Norges Bank to Drop Hints on Timing of Rate Hike: Decision Guide
(Bloomberg) -- Norway’s central bank is about to provide more clues as to whether it will become the rich world’s most hawkish central bank, as policy makers in Oslo weigh the risk of a new wave of the pandemic against the prospect of an economic rebound driven by record stimulus measures.
All economists surveyed by Bloomberg expect Norges Bank’s policy makers to keep the benchmark deposit rate at zero for an 11th month on Thursday. Attention will instead be on the timing of a future rate hike, amid speculation Norges Bank may move earlier than its official forecast for early 2022.
Norges Bank needs to balance “short-term weakness versus long-term optimism when deciding on its new rate path,” SEB strategists Lina Fransson and Karl Steiner wrote in a research note. Policy makers will probably be “more positive on the outlook,” which will “spill over to a more hawkish rate outlook,” they said.
What Bloomberg’s Economists Say...
“Positive news flow on the country’s vaccination program as well as growth and inflation will probably lead policy makers to lift their projections for the rate path. We expect it will pencil in the first hike for 4Q21, instead of 1Q22. The central bank may also signal some likelihood of an earlier move.”
--Johanna Jeansson. Read her NORWAY PREVIEW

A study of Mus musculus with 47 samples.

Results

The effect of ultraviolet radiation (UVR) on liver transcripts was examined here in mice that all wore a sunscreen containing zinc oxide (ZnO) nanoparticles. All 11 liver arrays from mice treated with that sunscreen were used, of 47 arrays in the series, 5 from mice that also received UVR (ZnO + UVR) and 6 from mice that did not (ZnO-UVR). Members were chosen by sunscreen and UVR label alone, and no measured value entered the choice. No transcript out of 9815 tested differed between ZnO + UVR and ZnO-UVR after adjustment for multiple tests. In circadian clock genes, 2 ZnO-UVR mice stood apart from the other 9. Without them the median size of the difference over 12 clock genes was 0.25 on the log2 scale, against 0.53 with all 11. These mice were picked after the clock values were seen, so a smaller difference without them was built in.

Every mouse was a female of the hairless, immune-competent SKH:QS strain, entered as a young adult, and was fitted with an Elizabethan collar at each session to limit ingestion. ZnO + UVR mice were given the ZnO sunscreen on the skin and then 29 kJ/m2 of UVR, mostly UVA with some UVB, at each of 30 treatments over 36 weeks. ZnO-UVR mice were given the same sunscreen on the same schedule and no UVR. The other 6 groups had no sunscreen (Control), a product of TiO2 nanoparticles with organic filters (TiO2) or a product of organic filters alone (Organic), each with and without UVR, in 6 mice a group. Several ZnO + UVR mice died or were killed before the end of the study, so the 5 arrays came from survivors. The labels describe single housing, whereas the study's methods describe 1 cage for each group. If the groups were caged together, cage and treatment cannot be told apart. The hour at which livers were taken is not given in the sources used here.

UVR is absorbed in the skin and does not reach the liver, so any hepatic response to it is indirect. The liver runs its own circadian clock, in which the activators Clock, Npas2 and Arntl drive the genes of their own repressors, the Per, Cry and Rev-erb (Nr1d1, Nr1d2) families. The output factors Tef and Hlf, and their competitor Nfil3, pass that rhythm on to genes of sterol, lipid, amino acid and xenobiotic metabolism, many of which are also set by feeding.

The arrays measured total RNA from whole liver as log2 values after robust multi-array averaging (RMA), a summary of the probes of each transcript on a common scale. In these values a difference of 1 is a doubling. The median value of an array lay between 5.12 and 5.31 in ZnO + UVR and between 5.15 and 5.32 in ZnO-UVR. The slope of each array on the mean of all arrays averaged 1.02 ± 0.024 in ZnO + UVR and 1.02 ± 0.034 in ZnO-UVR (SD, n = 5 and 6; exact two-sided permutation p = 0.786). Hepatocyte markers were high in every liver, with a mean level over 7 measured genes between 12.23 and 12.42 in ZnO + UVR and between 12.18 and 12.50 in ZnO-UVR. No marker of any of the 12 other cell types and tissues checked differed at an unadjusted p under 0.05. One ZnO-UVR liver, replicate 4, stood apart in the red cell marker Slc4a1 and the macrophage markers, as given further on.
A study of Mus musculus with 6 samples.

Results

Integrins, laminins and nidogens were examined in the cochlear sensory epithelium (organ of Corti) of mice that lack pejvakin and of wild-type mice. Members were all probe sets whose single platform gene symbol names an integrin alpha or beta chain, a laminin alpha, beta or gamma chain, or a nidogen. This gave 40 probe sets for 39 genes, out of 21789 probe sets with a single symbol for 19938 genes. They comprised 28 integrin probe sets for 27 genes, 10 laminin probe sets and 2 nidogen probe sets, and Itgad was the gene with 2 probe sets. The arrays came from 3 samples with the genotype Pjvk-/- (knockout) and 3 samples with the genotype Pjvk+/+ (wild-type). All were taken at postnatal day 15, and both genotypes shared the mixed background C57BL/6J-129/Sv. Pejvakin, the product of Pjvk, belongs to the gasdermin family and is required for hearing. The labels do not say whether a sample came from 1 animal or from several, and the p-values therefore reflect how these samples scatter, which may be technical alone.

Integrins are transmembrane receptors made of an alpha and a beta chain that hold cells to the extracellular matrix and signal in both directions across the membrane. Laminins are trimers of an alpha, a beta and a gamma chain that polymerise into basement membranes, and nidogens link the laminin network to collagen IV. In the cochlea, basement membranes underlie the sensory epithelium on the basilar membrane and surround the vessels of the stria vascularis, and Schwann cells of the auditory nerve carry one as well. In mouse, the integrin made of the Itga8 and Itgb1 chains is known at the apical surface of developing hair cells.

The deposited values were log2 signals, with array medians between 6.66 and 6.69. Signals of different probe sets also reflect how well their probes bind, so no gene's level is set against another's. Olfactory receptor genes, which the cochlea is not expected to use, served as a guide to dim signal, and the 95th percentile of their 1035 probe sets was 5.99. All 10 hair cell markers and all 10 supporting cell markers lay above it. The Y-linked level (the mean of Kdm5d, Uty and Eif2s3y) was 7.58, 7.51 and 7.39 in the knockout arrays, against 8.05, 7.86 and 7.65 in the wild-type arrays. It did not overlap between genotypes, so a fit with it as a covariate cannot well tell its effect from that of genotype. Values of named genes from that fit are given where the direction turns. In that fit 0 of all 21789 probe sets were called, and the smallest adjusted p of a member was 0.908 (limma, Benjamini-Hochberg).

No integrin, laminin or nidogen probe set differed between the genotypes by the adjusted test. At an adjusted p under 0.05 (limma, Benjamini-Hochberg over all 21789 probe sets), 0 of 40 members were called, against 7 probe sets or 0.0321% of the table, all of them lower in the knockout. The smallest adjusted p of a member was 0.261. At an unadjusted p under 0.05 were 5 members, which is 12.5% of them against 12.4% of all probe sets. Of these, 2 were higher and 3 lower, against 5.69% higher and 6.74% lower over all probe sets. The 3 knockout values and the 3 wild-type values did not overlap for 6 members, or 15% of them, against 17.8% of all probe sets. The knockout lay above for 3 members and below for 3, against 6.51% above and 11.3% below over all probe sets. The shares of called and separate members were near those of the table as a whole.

The resilience of Norway’s oil-rich economy in the face of the pandemic has given Norges Bank a special status in the rich world. It’s long been assumed that Norway will tighten policy before its peers, in part thanks to unprecedented fiscal stimulus backed by the world’s biggest sovereign wealth fund. But more recently some analysts have started betting on two rate hikes this year.
A third wave of Covid-19, however, has forced stricter containment measures in Norway, which is also among nations that have suspended the use of AstraZeneca’s vaccine. That threatens to delay immunization plans and hamper a recovery.
The economy of Norway, the Nordic region’s richest nation, ended 2020 just 1.4% smaller than before the crisis, significantly outperforming much of the rest of Europe during the pandemic. Norway’s finance ministry expects growth this year of 3.7%, followed by 3.6% in 2022, according to its baseline scenario.
Unemployment may remain higher than pre-pandemic levels even in 2022, but Finance Minister Jan Tore Sanner said a key worry is Norway’s soaring house prices. It’s a concern that central bank Governor Oystein Olsen has also voiced. Meanwhile, underlying inflation has exceeded Norges Bank’s 2% target for the past year, and was 2.7% in February.